Friday, April 17, 2009


I mentioned in my previous post how the police made a mess with the arrest of ABS-CBN broadcaster Ted Failon's driver and three house helpers in connection with the shooting of his late wife, Trinidad Arteche-Etong. As it is, public outrage not only from the Failon family but from public officials and other observers rained on the Quezon City Police District (QCPD) for the brusque and cavalier manner with which its personnel carried out the arrest of Failon's employees, which resulted in an immediate backlash with the relief of the cops involved.

Luckily, however, the sacked policemen's superior Chief Superintendent Franklin Mabanag came out of the incident unscathed despite his clear involvement in the fiasco and clear command responsibility. In one of the coverages by ABS-CBN's TV Patrol news on the arrest of Failon's employees, Mabanag was seen arguing with Failon's lawyer about the questionable arrest. When the lawyer asked Mabanag if the police have warrants for the four's arrest, Mabanag curtly replied that the four were arrested for violation of PD 1829 (law on obstruction of justice) for which arrest warrants were not necessary. Yes, you heard that right lawyers out there, Mabanag boldly declared that an arrest for PD 1829 requires no warrant.

Now, I am wondering where the heck Superintendent Mabanag got that ridiculous and grossly misinformed statement. I have yet to come across a law, a rule of procedure or jurisprudence - let alone an amendment to the Bill of Rights of the Constitution (it is true that cha-cha is being cooked but congress has yet to finalize it) - which says that little understood Marcos-era law has been added as one of the instances of a warrantless arrest under Section 5, Rule 113 of the Revised Rules of Criminal Procedure. For emphasis, again let me enumerate (this time verbatimly) the instances of a valid warrantless arrest under Section 5, Rule 113:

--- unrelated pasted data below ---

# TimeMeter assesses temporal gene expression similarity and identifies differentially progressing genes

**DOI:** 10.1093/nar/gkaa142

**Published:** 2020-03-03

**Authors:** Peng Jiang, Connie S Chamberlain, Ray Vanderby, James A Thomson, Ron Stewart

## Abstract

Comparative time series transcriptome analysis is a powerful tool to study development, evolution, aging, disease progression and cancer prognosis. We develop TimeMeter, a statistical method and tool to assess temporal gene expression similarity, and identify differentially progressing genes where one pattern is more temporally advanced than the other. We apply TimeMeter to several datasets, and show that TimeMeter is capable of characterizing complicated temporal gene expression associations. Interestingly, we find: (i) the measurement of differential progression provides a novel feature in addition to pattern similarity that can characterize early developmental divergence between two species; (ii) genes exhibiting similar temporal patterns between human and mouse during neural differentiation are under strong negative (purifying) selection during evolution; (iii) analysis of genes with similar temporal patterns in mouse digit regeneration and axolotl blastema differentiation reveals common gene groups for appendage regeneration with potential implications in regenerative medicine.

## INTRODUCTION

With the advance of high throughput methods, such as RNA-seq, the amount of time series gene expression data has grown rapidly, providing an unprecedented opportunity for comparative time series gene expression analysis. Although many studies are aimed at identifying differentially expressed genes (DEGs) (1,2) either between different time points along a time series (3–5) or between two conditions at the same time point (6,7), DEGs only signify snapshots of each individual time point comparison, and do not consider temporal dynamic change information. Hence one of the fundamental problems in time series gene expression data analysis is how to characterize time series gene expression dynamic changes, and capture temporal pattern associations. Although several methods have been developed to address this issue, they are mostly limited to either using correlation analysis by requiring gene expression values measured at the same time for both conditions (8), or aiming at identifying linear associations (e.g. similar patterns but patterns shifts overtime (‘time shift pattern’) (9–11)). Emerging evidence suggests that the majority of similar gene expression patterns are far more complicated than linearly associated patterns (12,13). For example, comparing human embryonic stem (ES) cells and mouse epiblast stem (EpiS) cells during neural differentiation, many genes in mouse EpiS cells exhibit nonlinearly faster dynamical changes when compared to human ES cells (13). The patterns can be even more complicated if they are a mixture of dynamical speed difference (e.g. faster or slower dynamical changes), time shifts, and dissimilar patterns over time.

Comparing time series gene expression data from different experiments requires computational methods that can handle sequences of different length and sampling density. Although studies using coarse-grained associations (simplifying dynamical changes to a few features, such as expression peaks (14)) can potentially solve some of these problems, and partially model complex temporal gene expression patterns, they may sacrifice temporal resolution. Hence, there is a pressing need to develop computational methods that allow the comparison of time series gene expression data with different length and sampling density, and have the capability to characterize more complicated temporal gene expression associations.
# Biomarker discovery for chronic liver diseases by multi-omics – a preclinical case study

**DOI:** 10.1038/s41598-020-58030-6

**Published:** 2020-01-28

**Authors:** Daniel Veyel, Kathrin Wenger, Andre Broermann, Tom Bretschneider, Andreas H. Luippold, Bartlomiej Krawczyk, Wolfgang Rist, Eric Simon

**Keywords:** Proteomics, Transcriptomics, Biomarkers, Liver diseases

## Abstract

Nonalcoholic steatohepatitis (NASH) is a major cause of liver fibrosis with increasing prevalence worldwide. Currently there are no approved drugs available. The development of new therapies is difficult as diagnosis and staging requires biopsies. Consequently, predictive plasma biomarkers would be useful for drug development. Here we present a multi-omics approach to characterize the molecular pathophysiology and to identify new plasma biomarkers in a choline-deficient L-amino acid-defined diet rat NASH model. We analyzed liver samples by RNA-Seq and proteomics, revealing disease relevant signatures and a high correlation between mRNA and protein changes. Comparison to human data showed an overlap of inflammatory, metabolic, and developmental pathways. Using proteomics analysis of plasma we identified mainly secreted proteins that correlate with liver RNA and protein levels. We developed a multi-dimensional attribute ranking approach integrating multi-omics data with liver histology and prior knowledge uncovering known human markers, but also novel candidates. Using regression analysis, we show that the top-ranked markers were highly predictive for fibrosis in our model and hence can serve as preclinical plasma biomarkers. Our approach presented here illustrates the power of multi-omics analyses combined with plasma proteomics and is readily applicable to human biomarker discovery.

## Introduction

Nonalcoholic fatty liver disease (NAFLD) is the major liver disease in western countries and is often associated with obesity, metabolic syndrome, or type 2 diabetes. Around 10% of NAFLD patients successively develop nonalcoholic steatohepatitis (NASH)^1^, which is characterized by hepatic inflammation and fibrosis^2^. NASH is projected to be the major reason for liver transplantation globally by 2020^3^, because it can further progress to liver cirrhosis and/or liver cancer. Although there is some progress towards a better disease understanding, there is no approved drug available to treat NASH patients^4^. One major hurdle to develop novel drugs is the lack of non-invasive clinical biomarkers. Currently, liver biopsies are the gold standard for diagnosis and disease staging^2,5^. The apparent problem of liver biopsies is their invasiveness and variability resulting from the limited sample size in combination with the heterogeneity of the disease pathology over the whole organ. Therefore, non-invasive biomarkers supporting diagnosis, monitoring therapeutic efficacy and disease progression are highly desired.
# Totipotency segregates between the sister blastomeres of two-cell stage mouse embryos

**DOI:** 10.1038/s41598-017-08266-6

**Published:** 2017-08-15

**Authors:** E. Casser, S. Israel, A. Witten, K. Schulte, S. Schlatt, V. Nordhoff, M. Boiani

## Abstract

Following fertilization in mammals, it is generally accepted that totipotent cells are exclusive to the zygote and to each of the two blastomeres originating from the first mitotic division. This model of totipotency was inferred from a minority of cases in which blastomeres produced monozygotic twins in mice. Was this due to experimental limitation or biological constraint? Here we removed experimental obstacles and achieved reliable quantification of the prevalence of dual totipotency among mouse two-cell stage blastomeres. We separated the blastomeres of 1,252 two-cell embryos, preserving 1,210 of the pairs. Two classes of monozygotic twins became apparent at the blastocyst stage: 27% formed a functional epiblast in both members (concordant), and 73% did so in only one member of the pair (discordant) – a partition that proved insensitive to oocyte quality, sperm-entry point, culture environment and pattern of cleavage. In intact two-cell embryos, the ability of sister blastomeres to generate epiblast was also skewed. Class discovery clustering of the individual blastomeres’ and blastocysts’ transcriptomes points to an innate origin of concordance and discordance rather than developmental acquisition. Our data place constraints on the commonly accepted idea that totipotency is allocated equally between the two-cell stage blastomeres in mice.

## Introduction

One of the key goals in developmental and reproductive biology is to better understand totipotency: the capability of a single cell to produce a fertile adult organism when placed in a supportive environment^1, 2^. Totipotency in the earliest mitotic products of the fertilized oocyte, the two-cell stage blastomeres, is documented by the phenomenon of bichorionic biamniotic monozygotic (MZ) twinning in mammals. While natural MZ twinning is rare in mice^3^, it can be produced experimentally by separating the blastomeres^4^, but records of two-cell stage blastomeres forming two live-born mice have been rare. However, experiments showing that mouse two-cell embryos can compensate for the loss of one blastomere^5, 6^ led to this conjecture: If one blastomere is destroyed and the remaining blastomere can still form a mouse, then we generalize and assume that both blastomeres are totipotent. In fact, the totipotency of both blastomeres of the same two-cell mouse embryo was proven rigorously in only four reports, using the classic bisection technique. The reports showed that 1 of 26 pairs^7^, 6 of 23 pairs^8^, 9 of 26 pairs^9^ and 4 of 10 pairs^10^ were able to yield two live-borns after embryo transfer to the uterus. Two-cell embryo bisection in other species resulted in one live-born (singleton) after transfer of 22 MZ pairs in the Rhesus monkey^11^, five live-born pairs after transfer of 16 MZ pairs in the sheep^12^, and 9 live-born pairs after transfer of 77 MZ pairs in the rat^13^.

"Sec. 5. Arrest without warrant; when lawful. – A peace officer or a private person may, without a warrant, arrest a person:

(a) When, in his presence, the person to be arrested has committed, is actually committing, or is attempting to commit an offense;
(b) When an offense has just been committed and he has probable cause to believe based on personal knowledge of facts or circumstances that the person to be arrested has committed it; and
(c) When the person to be arrested is a prisoner who has escaped from a penal establishment or place where he is serving final judgment or is temporarily confined while his case is pending, or has escaped while being transferred from one confinement to another. x x x"

Clearly, there is nothing in the foregoing that includes PD 1829 as an exception. One would also search in vain the provisions of PD 1829 and will find nothing that says an arrest under this statute requires no warrant. Besides, even assuming that PD 1829 says something to that effect, it would have been rendered unlawful already by the 1987 Constitution.

Philippine National Police Chief Versoza should immediately order the relief of Superintendent Mabanag as head of the QCPD Criminal Investigation Division and send him back to schooling to learn the rights of an accused person and basic criminal procedure. Better yet, Mabanag should act honorably by acknowledging his inexcusable mistake and voluntarily step down as an officer and a gentleman.

1 comment:

  1. Question: Is it ok for the Failon's to have cleaned up the evidences irregardless of the case being a suicide or a murder? Is there no consequence for this deed?